Engineers at Sandia National Labs in New Mexico have developed laser-guided bullets.
Red Jones and Brian Kast produced the dart-like 100mm-long projectile to hit laser-designated targets at 2,000m.
The design includes an optical sensor in the nose to detect the laser spot on a target.
Data from this goes to an on-board 8bit microcontroller which runs an algorithm to command the electromagnetic actuators which operate the fins.
The rifling that spins normal bullets in flight to stabilise them had to go.
Instead, the bullet is fired from a smooth-bore barrel and flies straight due to its aerodynamically stable design, with centre of gravity in front of the fins.
According to aerodynamic, said Jones, under conditions where an unguided bullet could miss a target at 1,000m by 9m, the guided bullet would get within 200mm.
Plastic sabots (shrouds to make the bullet fit the bore) provide a gas seal and protect the fins until they drop off as it leaves the barrel.
There is no inertial measuring unit - no gyros or accelerometers.
Instead, the researchers found that the bullet's relatively small size when compared to guided missiles "is helping us all around. It's kind of a fortuitous thing that none of us saw when we started," said Jones.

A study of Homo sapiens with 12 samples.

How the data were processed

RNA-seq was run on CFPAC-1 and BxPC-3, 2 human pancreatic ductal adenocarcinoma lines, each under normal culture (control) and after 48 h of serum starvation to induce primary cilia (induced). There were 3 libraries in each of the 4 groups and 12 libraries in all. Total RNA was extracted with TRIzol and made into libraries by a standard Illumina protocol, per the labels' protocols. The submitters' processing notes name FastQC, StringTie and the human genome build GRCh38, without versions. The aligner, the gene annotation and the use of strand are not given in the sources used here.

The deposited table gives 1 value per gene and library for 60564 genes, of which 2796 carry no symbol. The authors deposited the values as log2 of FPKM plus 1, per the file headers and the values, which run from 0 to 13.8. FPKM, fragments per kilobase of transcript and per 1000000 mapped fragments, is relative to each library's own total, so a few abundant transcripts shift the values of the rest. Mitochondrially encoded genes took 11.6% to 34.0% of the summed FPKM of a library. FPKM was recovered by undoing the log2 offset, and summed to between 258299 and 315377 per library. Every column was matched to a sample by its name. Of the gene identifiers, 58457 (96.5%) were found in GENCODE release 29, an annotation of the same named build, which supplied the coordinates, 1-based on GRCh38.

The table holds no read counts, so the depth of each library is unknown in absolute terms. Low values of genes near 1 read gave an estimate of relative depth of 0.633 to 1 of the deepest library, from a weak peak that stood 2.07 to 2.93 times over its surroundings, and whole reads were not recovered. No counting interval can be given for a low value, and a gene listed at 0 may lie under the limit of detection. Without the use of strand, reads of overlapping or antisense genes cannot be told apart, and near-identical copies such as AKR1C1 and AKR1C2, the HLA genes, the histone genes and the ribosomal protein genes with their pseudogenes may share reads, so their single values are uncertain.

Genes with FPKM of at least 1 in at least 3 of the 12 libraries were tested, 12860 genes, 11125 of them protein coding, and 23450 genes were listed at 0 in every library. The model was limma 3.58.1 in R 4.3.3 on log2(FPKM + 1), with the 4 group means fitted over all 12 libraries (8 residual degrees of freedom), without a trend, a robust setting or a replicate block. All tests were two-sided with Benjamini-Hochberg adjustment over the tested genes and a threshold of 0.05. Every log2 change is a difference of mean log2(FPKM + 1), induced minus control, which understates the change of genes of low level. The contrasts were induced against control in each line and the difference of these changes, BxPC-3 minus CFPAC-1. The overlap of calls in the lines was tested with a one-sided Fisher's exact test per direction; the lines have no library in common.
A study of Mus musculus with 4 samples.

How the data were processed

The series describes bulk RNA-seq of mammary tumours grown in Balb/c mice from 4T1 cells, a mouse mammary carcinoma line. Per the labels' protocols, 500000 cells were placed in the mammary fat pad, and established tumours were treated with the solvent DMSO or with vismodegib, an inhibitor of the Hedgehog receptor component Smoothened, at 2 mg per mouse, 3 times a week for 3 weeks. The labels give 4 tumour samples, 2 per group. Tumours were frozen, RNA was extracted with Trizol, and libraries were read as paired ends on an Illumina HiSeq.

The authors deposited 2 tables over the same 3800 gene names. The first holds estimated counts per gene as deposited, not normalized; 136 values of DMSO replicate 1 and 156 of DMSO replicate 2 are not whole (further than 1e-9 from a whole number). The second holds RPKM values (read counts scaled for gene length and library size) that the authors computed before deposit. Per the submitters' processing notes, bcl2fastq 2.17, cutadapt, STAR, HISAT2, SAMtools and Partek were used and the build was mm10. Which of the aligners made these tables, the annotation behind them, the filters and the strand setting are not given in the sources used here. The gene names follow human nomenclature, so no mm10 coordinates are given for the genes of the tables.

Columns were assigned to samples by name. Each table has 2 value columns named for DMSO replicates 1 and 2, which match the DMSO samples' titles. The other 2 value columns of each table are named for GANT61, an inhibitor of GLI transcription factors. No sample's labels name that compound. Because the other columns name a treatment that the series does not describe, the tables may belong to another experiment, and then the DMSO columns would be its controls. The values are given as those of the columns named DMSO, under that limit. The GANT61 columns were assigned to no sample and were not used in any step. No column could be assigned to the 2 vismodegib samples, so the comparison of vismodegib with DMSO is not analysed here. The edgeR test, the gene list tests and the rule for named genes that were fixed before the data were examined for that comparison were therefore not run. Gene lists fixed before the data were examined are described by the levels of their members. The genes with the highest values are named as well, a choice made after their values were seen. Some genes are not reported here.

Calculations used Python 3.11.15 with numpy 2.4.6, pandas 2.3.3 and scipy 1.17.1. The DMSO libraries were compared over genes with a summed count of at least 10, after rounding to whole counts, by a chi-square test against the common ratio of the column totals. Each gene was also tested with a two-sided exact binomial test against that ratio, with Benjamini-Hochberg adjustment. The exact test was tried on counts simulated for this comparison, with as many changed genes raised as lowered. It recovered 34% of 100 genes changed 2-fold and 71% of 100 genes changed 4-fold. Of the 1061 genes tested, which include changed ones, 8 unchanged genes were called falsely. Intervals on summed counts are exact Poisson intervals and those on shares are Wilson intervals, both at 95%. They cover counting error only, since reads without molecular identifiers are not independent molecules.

As the bullet flies, it pitches and yaws at a rate based on its mass and size, said Sandia. In larger guided missiles, the rate of flight-path corrections is relatively slow, so each correction needs to be very precise because fewer corrections are possible during flight.
But "the natural body frequency of this bullet is about 30Hz, so we can make corrections 30 times per second. That means we can overcorrect, so we don't have to be as precise each time," Jones said.
The bullet can reach Mach 2.1 using commercial gunpowder and "the researchers are confident it could reach standard military speeds using customised gunpowder," said Sandia. While engineering issues remain, "we're confident in our science base and we're confident the engineering-technology base is there to solve the problems."